Unlike Burnsy, I didn’t catch the premiere of the Fab Five documentary on ESPN (sorry, I don’t lap up every dinky little program that the monolith tries to spoon-feed me), but Jalen Rose’s comments about Grant Hill and the Duke basketball team did not go unchallenged, and certainly not by Grant Hill.
Hill, who has 337 more career starts (and counting) than Rose, took to The New York Times to counterpunch Rose’s claim of insufficient blackness (Rose is now an analyst for ESPN, if you didn’t know). But the only thing more pathetic than Jalen’s attempt to cut down Grant Hill for being educated is Hill’s attempt to validate the blue-collar legacy of his family. It’s the 2011 version of “I have lots of black friends.” And it’s sad.
From Hill’s piece:
In his garbled but sweeping comment that Duke recruits only “black players that were ‘Uncle Toms,’ ” Jalen seems to change the usual meaning of those very vitriolic words into his own meaning, i.e., blacks from two-parent, middle-class families. He leaves us all guessing exactly what he believes today.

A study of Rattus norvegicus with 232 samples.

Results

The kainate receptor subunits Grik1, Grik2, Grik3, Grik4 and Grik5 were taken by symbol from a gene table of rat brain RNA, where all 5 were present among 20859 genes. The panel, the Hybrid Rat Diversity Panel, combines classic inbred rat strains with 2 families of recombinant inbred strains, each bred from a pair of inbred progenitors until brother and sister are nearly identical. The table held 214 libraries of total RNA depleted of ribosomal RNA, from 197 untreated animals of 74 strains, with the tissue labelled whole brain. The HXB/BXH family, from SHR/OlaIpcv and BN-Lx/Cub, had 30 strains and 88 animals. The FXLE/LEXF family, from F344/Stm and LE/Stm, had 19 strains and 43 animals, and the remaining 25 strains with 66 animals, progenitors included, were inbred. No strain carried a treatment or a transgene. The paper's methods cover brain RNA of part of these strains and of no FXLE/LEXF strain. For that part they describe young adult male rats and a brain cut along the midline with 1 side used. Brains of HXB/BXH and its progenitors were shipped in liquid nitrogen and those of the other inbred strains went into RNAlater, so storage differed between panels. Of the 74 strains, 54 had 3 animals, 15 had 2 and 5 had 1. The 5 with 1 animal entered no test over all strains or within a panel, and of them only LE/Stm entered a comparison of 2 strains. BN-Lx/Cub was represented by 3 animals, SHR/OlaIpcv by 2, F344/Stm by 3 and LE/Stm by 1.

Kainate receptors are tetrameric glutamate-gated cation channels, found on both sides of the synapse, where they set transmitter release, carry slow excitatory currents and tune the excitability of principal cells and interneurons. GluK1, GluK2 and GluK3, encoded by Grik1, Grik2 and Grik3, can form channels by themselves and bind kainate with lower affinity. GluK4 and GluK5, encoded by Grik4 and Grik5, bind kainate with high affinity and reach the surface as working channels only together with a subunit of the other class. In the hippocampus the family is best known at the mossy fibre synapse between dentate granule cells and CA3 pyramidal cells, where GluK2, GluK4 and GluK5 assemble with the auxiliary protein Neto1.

I am beyond fortunate to have two parents who are still working well into their 60s. They received great educations and use them every day. My parents taught me a personal ethic I try to live by and pass on to my children.
I come from a strong legacy of black Americans. My namesake, Henry Hill, my father’s father, was a day laborer in Baltimore. He could not read or write until he was taught to do so by my grandmother. His first present to my dad was a set of encyclopedias, which I now have. He wanted his only child, my father, to have a good education, so he made numerous sacrifices to see that he got an education, including attending Yale.
It says a lot that Rose felt the need to apologize to Hill before the documentary aired, that Rose felt that Hill wasn’t black enough to be a good teammate and still wasn’t black enough to gloss over commentary on that subject today. It’s cool if Rose is just bent that Grant Hill actually met his own father, but calling him a b:tch in a documentary produced by a company that pays you for objective analysis is, at best, irresponsible.
Why everything has to be “black this” or black that” is something that I’ll never understand, especially when all the unity talk goes out the window whenever a pretty white girl shows up at the club. But one guy ran his mouth in what amounted to programming for his own employer. The other fired back from a column of one of the most-read publications of the world. You tell me which one is the sellout.